Once there was a king named Arthur. You remember him, the one who thought up the Round Table and had Lancelot as his knight and Guinevere as his wife.*
Long before he became king, in fact when he was just an infant in the cradle, a strange thing happened. The nurse stepped out for a moment and, quick as a wink, Merlin the magician stepped in and then stepped out again …
… taking the boy with him.
This was not a kidnapping. Merlin was a kindly old magician and his commission was to let the boy grow up as a normal—not a spoiled, pampered or “royal”—person. He was not to be miles above the animals and the people and the tiny, precious specks of beauty in the most surprising places in our lives.
He was to live with us.
So Merlin transported Arthur to a bedraggled castle ruled by a third-rate Lord named Sir Ector. The people were nice enough, and ordinary, and the crannies and nooks of the castle were perfect for a little kid to hide in and the halls for him to run around in.
All the servants and even the lords and ladies were his friends.
How could they not be? He was an ordinary lad, though he would be king one day. They called him Wart (which in those days rhymed with Art, which was short for Arthur).
Merlin, funny old character, decided to educate Wart in a special way. Magically, he changed the boy into various and sundry animals, each for a time. He turned him into a hawk, for instance—to witness first-hand the world as it appeared in a hawk's eyes. Or a fish. In fact, especially a fish because Wart could then attend a formal “school of fishes” and learn from their teacher.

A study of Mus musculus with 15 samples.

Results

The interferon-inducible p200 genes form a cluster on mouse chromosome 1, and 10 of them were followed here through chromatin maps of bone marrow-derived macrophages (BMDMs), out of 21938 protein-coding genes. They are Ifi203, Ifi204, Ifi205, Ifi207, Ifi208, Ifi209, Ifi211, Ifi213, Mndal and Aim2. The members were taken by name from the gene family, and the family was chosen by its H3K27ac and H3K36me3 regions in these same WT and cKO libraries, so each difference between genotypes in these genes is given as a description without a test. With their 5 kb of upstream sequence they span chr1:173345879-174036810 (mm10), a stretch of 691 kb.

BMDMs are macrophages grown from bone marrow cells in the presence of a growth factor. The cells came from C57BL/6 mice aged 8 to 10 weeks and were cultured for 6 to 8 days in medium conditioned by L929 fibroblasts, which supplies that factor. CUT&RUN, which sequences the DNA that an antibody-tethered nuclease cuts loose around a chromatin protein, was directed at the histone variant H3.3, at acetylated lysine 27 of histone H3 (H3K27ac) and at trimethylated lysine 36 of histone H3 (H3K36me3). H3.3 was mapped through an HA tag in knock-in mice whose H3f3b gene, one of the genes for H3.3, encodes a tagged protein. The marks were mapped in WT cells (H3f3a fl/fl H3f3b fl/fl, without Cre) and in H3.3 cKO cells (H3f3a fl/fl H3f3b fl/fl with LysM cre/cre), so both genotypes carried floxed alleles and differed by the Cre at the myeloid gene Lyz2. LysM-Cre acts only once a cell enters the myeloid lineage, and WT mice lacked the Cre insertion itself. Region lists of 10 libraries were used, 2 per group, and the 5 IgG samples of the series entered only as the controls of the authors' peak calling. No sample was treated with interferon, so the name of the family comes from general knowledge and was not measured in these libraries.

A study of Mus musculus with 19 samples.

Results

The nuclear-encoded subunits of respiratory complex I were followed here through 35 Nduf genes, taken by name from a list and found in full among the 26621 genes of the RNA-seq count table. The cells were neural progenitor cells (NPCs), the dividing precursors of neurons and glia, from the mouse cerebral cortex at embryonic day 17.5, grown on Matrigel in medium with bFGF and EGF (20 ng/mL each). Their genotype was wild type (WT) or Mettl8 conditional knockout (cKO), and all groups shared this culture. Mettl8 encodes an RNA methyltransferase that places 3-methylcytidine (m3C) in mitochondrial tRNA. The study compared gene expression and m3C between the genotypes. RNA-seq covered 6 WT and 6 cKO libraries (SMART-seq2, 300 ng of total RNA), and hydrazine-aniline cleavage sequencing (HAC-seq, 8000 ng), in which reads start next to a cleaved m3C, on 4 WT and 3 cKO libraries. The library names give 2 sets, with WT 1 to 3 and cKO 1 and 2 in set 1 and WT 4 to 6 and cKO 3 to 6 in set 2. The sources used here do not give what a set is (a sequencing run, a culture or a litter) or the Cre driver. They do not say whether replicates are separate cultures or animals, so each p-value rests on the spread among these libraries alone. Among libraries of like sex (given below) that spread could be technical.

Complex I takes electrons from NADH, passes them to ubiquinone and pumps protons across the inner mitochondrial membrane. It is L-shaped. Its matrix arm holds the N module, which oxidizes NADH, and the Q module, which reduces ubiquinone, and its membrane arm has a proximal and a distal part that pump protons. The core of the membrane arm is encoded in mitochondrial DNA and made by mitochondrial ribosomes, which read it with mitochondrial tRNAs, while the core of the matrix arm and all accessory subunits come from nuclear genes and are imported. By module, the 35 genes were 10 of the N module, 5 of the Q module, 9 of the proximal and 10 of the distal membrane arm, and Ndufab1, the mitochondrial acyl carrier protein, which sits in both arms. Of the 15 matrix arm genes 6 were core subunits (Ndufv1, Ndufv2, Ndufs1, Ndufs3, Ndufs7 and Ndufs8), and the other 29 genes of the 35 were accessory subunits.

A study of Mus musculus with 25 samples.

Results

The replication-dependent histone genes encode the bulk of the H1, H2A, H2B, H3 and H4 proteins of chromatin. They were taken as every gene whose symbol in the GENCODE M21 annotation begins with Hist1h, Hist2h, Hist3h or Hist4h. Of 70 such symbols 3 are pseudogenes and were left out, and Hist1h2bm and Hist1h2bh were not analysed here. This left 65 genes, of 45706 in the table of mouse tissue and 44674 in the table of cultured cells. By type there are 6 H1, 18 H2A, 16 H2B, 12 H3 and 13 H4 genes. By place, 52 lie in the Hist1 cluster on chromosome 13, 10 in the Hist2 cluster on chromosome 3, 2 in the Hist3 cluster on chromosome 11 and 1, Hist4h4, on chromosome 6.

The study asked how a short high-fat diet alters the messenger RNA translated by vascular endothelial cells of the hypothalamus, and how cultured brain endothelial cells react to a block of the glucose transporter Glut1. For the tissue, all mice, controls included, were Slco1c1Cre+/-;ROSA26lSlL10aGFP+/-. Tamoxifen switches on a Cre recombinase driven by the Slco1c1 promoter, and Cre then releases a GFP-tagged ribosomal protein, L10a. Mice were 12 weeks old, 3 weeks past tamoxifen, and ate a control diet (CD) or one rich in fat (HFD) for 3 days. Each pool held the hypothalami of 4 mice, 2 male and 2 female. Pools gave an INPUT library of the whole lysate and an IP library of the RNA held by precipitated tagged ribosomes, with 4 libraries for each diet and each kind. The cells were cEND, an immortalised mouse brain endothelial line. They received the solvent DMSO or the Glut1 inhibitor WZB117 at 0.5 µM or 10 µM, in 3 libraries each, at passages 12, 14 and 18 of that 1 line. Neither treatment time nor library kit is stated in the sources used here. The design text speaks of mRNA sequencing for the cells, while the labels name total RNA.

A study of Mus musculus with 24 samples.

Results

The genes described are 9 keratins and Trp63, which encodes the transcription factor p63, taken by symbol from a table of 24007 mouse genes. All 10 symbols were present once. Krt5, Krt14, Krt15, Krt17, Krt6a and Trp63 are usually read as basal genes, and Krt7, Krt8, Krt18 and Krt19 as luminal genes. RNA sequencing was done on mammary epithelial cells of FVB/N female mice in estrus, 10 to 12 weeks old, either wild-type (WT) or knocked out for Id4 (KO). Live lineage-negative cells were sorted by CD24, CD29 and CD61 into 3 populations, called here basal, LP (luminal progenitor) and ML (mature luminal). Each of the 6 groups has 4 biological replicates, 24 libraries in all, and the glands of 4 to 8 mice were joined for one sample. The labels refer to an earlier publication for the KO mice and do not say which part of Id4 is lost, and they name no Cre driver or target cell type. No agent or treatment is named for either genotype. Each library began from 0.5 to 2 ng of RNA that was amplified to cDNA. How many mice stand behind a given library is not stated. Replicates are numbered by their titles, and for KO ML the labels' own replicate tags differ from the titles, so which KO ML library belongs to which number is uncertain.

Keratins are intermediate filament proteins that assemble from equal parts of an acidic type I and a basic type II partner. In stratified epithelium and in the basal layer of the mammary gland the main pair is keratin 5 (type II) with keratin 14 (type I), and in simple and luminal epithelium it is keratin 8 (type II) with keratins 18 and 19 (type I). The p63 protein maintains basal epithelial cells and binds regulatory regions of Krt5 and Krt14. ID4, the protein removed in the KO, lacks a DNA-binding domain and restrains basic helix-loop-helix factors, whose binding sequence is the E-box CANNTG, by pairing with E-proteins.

It seems that Jesus had a few things in common with the Wart. Jesus was not called “King” or “your highness” as a boy, any more than Wart was referred to as “your majesty.” This one was called “Jesus,”** a common name in those days. He played outside, helped his dad, rolled in the mud, cut his finger, even helped birds to fly. And his mom was his very most favorite person.
He had a teacher who was even better at teaching than Merlin: the Spirit of God. It helped him through the creeks and cubbyholes of the earth and made him friends with the funny, sweet people who lived all around.
Both Wart and Jesus did grow up to be the kind of king they were meant to be. But they brought new images of a king. Their love was not just for the noble and the mighty but love for everyone. They were lowly. Jesus was “king” because he understood every minutest texture of everyone’s life and world.
Pilate would ask Jesus if he were a king. He was, specifically, but not in any way Pilate could have imagined. Smallness was his power. Persuasion was his scepter, along with an amazing ability to teach.
He was Christ the King.
Oh, I almost forgot. I typed a wrong key when I began writing, and hit a “d” instead of a “g” at the end of the word King. It came out “Christ the Kind.”
This is who we will find waiting for us on Sunday.